It’s that time of year to start thinking even more about Vitamin D. The days are getting shorter, “cold season” is coming. But why? Why do I need it? What is Vitamin D, and how do I get it? Here’s a breakdown of this crucial nutrient.
What is Vitamin D?
As the title suggests, you would assume Vit D is a vitamin similar to Vitamin A, B, C, etc… However, since our bodies can produce Vit D, it does not technically qualify as a vitamin. Vit D is more like a hormone like testosterone, estrogen, and cortisol. Specifically, Vit D is a precursor to an essential hormone called calcitriol. More on this later.
Why do we need Vitamin D?
As mentioned above, Vit D helps create the crucial hormone calcitriol. This hormone is responsible for over 2,700 bonding sites with our DNA, including bonding sites relating to virtually every major human disease. This makes Vit D crucial to one’s health. Vit D is also important for bone health and many other bodily functions.
How do we get Vitamin D?
The primary source of Vit D is not food, but sunlight. When UVB light penetrates the skin, a chemical reaction produces Vit D. We can also get some Vit D from food sources, including oily fish (salmon, sardines, etc.), mushrooms, and fortified dairy products.
Who needs Vitamin D?
Everyone! Studies show that 75% of Americans are deficient in Vit D. Why is this? Here are a few reasons why:
Lack of sunlight
Getting ample exposure to sunlight is harder than it seems. Many people are indoors during peak sunlight hours, limiting their ability to obtain UVB light. Also, people with darker complexions have a harder time absorbing UVB light, hence limiting their Vit D production. Lastly, UVB light exposure only occurs during a limited window of total sunlight hours. If you’re curious about why that is, this video does a great job explaining it. In addition, there’s a great app called dminder that will calculate your optimal sun exposure hours for obtaining Vit D and track your intake.
Lack of Vitamin D in Diet
Not considering the amount of sunlight one gets, the “standard American diet” is low in Vit D. This means that most Americans do not eat enough of the foods containing Vit D to meet their daily requirement of the nutrient. Even the sources mentioned above (oily fish, eggs, mushrooms, and fortified dairy) contain minimal amounts of Vit D. To get enough of your daily Vit D from oily fish, you’d have to eat two or more large portions daily. When it comes to eating mushrooms, eggs, and fortified dairy products, let’s just say you’d have to eat copious amounts to get adequate amounts of Vit D from these foods.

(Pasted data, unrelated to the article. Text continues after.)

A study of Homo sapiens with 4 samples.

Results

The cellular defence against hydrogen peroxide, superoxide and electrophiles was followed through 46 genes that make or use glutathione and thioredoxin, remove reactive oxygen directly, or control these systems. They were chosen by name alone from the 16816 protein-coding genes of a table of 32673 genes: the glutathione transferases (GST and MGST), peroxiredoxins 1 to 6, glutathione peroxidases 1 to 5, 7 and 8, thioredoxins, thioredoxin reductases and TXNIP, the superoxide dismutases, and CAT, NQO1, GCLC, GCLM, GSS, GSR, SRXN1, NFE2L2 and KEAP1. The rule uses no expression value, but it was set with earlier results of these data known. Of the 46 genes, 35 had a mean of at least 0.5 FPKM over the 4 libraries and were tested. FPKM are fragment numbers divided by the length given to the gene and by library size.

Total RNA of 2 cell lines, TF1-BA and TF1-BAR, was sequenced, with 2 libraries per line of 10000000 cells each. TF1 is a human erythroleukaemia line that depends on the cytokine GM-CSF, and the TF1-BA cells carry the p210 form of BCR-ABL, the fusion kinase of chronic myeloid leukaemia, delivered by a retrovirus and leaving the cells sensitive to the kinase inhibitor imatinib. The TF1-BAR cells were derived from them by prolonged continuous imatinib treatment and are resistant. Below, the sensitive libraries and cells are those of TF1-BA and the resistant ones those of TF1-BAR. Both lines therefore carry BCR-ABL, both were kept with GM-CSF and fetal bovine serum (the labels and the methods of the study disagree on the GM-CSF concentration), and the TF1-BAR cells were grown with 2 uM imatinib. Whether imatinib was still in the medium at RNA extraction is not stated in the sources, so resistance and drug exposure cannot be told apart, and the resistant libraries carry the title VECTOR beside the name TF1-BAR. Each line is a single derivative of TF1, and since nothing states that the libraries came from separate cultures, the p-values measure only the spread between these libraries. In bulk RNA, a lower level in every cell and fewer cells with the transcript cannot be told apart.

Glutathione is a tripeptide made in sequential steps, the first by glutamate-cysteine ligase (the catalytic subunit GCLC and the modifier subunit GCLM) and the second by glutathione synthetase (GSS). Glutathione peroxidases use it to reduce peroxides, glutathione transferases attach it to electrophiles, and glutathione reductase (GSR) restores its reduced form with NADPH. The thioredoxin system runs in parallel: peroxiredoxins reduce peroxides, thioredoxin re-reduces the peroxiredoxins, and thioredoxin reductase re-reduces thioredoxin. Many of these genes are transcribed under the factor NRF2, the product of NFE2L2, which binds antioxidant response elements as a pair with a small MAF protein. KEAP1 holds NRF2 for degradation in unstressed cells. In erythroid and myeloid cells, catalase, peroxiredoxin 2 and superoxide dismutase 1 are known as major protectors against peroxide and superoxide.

Excess body fat will store Vit D, yet limits your body’s ability to utilize it.
Lack of supporting nutrients
Sulfur, boron, magnesium, and vitamin K2 all help contribute to the efficiency and efficacy of Vit D. I encourage you to look up what foods are high in each of these vitamins and minerals to see if they make it into your regular eating habits.
Should you supplement Vitamin D?
This is always a great question, and the answer is always: it depends. If you are getting enough of a nutrient through your diet or lifestyle, then you don’t need to waste your money on supplementing it. But how do you know if you’re actually getting enough? It is always good practice to get your nutrient levels tested multiple times a year to see if you are deficient in any nutrient. As always, you should consult your licensed healthcare provider before making any major changes to your diet. With that being said, supplementing Vit D is relatively easy and cheap and very difficult to take too much to cause toxicity.
Whenever taking any supplement, it is vital to get quality supplements that are third-party tested – meaning a reputable outside company has tested their quality. Look for these logos:
Summary and Conclusion
Vitamin D is a critical nutrient that helps us stay disease-free and strengthen our bones. It’s a nutrient that most people do not get enough of. The biggest takeaway from this post should be this – get outside! At Huts for Vets, we’ll take every excuse to get outside. We challenge you to take a hike or a walk, practice shinrin-yoku, and expose your skin to the sun as much as you can during peak UVB light hours without getting sunburnt. As always, eat a balanced diet and stay active. Please consult your licensed healthcare provider before supplementing Vit D or any nutrient. If you have any questions regarding vitamin D, nutrition, physical activity, or other health-related topics, please reach out to me at firstname.lastname@example.org. Thanks for reading, and be well!
DISCLAIMER: This blog is not medical advice. The stated information is purely informational and you should do your own research and consult your licensed healthcare provider before making any lifestyle changes.